Anyone who has managed installations of distributed FireWall-1 4.1 or earlier knows what the fw putkey command is. Anyone who has managed a particularly complex FireWall-1 environment has done fw putkey numerous times, particularly when adding a new firewall?not just for the firewall you're adding but also for all the other firewalls in your installation because the authentication between the firewalls and the management station broke. I can't tell you how many customers I've had to help with putkey-related problems over the years. Even customers who knew what they were doing would get tripped up by the putkey process.
Aside from the technical issues of getting and keeping putkey-type authentication working, it was unclear exactly how secure it was.
In FireWall-1 NG, Check Point decided to do away with the fw putkey command and created Secure Internal Communication. SIC uses Secure Sockets Layer (SSL) to encrypt all data. The management station becomes an Internal Certificate Authority (ICA) and issues all managed modules a certificate. These certificates are used to validate the identity of a node.
You may recall that during the initial installation of a firewall module, you are asked to provide a one-time password (OTP). You are not asked to configure any other information pertaining to the management station. The management module will establish an anonymous SSL session with the module and exchange OTPs. If they match, the management station will generate a signed certificate for the module, which will authenticate future communications between the management module and the firewall module. Because certificates are used for authentication, there are no longer issues related to authentication getting out of sync.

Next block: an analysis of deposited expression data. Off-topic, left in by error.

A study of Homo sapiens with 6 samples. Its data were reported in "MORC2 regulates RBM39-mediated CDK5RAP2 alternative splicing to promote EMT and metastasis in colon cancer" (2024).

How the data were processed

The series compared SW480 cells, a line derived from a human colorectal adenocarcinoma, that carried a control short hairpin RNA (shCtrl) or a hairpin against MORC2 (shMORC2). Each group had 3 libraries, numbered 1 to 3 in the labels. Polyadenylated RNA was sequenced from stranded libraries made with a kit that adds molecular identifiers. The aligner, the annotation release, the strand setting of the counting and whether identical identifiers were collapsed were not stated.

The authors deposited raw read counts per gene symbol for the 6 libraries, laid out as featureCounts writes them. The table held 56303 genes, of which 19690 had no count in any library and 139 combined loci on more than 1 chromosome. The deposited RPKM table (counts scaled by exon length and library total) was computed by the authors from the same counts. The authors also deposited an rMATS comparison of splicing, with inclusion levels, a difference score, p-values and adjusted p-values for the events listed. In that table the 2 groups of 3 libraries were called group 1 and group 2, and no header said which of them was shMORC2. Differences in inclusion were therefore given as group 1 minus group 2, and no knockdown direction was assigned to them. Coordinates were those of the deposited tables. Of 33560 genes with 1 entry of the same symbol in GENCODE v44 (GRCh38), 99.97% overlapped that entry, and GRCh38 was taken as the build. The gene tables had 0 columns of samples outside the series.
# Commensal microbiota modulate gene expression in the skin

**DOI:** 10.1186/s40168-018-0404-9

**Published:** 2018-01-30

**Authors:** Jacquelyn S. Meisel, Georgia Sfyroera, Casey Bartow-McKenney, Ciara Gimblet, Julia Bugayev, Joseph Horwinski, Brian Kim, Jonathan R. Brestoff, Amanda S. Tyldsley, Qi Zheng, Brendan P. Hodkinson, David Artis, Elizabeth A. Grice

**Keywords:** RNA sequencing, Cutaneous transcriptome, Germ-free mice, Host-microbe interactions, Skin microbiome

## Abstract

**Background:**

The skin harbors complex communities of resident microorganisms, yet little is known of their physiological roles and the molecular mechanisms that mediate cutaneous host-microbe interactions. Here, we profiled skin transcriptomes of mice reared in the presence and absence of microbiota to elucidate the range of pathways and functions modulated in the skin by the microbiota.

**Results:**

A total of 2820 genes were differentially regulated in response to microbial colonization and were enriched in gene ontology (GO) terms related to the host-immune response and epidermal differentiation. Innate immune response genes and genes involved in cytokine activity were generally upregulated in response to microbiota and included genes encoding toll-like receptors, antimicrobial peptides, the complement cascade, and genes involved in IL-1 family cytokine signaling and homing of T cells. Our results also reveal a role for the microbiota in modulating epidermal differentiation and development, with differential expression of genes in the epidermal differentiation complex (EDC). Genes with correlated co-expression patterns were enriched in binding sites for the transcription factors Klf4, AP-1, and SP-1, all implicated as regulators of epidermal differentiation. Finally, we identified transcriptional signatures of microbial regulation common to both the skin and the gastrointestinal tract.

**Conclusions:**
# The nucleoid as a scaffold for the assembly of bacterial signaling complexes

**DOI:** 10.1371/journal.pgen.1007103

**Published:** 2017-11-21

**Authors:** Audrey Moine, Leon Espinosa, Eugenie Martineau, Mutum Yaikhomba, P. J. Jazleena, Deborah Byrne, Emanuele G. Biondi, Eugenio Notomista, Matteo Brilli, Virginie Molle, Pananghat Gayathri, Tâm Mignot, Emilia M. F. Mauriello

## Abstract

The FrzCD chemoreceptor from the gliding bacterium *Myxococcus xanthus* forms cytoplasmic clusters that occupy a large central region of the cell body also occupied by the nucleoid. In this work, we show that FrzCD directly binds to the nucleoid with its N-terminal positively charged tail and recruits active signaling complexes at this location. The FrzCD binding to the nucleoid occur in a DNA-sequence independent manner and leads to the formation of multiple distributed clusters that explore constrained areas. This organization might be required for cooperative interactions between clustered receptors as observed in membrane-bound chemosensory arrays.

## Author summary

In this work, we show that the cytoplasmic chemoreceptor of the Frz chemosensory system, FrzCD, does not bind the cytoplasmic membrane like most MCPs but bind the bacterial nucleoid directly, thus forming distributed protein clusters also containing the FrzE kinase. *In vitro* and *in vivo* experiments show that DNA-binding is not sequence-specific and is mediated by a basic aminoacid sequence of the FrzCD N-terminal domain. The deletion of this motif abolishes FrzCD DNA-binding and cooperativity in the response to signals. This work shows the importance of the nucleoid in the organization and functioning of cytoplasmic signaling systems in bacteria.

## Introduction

When managing FireWall-1 4.1 modules from an NG management module, authentication between modules will occur using fw putkey. On the NG management module, authentication is configured the same way as if the firewall module were running NG?in SmartDashboard. In the General frame of any locally managed Check Point object, there is a button called Communication under the heading Secure Internal Communication. To the right of this button, you will see a field. If it contains something similar to "CN=grover,O=snuffleupagus..ou812q," a certificate is defined for that host. If this is blank (and it will be for a newly defined object) or if you know that you need to reestablish SIC with a particular host, click the Communication button to establish the OTP. Figure 7.2 shows the screen that appears after you click the button.
Figure 7.2 shows how the Communication screen looks for a module that has never had SIC established with it before or has had its SIC status reset. Type in the OTP in the Activation Key and Confirm Activation Key fields. Assuming this is a FireWall-1 NG module, clicking the Initialize button causes the management module to attempt to establish an encrypted session with the firewall, exchange OTPs, and generate certificates. Assuming the remote module is configured with the same OTP and FireWall-1 is up, running, and accessible, the value in the Trust state field should change to "Trust established." If there was a problem connecting to the module or the OTP was not set, you will instead see "Initialized but trust not established." In this case, the next time the module fetches policy, SIC should be established. On the management module, you can also click Initialize once the module is online and available.